In Love With Red Bean Paste (Recipe)

 Red bean paste ready to use. Photo by  Yudi Ela .

Red bean paste ready to use. Photo by Yudi Ela.

Chinese legend has it that there was once a woman who, while mourning her deceased husband, cried tears of blood. Her cattle farmer husband had gone off to fight a war. Every day and night while he was away, the woman waited patiently for him and then took her waiting to a mountain top where she’d stare deep into the horizon for her beloved’s return. But surprise, surprise–he never returned. Her optimism regressed into soul-crushing sadness. And with no Netflix, burritos, or ice cream to ease the heartbreak, she just sat on the mountain and cried. The tears she continued to shed turned into blood and then mysteriously transformed into little tiny red beans, readying the earth with seeds to sprout the first ever red bean tree. 

This myth and iterations of it have come to symbolize a kind of punishing but enduring love and unwavering devotion. Because of this, it’s become customary to eat red bean soup at Chinese weddings, as if auspicious foods could steer someone with a roving eye away from committing adultery. But I love red bean soup, so any excuse to eat it, I’ll take it.

Super sad love story aside, red bean or adzuki bean is actually chock full of heart-helping vitamins and minerals, improving cardiovascular health and aiding with stroke prevention. Plus it’s delicious. Especially in dessert. Not too long ago, I developed red bean dessert recipes for Refinery29 and had a chance to play with both canned sweetened anko or red bean paste and my homemade version. Po-Po always made hers from scratch because she thought the canned stuff was too sweet. I thought the same in using it for some of the desserts. I had to dilute the sweetness with water. Also, let’s be honest, homemade always wins.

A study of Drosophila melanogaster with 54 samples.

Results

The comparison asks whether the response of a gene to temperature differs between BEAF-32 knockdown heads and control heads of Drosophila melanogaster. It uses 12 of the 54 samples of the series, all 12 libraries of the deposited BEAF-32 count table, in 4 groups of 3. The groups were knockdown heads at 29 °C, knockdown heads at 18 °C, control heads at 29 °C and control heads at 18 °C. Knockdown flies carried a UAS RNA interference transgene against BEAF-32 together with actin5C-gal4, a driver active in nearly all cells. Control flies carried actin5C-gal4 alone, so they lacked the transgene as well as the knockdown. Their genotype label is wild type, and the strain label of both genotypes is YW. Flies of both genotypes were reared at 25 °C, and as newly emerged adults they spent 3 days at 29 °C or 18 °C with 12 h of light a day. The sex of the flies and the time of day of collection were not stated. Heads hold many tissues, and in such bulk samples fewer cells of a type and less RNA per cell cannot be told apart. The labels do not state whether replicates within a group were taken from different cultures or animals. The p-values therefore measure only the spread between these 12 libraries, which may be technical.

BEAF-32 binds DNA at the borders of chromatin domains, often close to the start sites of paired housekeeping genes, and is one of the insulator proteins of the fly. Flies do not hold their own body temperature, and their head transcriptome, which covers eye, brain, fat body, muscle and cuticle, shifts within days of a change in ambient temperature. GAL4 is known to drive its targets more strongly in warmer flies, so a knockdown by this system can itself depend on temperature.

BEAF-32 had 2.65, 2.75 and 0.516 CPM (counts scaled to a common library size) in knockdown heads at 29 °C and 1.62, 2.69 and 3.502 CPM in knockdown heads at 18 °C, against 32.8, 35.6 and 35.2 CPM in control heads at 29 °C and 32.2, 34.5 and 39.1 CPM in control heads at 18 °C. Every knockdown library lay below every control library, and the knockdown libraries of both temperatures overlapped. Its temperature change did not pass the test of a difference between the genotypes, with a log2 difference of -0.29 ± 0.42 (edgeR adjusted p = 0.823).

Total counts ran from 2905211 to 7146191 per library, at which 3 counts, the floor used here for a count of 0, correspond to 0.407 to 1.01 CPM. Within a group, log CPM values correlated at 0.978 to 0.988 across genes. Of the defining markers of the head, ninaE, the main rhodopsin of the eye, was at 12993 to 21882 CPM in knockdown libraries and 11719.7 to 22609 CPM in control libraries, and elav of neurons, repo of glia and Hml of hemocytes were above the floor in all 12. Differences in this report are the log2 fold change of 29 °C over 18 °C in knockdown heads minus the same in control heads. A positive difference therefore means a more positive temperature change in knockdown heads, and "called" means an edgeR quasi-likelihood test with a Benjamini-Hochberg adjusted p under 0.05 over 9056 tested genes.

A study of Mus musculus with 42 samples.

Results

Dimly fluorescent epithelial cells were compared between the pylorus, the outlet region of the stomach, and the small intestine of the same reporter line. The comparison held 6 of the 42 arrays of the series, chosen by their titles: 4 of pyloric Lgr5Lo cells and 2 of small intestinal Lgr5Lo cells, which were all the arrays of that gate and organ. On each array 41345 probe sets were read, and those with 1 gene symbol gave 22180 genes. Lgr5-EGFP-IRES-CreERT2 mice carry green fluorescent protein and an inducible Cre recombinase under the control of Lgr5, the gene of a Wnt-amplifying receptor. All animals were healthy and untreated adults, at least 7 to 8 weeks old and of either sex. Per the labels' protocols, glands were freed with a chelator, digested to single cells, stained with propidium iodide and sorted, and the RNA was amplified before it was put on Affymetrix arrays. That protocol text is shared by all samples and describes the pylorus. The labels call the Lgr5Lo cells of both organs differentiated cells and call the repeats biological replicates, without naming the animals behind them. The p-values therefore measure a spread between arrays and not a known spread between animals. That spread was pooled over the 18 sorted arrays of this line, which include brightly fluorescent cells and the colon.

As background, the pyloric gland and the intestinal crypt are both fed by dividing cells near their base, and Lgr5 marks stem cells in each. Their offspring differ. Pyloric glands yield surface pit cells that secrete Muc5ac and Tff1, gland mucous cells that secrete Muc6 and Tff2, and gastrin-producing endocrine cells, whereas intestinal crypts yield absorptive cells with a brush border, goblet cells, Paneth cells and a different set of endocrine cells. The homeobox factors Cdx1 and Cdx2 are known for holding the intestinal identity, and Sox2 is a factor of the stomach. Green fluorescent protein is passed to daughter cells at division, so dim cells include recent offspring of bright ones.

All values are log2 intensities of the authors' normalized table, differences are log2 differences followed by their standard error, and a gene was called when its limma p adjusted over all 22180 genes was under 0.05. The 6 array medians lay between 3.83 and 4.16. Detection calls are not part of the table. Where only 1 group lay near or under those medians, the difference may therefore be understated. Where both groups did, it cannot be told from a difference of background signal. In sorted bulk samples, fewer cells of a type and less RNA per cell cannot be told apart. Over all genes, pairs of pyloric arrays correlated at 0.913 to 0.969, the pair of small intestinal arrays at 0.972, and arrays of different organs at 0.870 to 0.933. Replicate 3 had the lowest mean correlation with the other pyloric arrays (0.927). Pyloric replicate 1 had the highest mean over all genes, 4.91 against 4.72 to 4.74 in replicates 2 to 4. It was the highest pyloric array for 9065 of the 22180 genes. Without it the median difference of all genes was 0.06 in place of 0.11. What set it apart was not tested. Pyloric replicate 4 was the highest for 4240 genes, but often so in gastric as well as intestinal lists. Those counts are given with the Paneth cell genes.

After dried red beans are soaked overnight and then cooked a pot or rice cooker to soften, Po-Po would then sauté the mushy beans in a wok with some sugar to thicken and caramelize the paste. What resulted was always a delicious fiber-rich mush used for mochi, eight treasure rice, ice cream, and bao (recipe to come). 


Sweetened Red Bean Paste
Makes about 1.5 cups

1 cup dried red beans or Adzuki (preferably organic) 
3 cups water
Chinese yellow rock sugar or brown sugar 

Rinse and soak red beans overnight if cooking over the stove. Then add soaked red bean to a medium heavy pot with water and cook over medium heat until tender, about an hour. Once water begins to water, turn down heat to low and cover with lid to simmer. If using a rice cooker, add rinsed red beans and water directly to cook.

Once beans are soft and tender, remove from heat and let cool. Drain any excess liquid. Heat oil in wok or pan. Add cooked beans and start sautéing for about 3 minutes. Add sugar and continue cooking. Add a little water to pan if the paste begins to dry out. Once sugar is completely mixed in, remove paste from heat to cool. The paste can be refrigerated up to one week.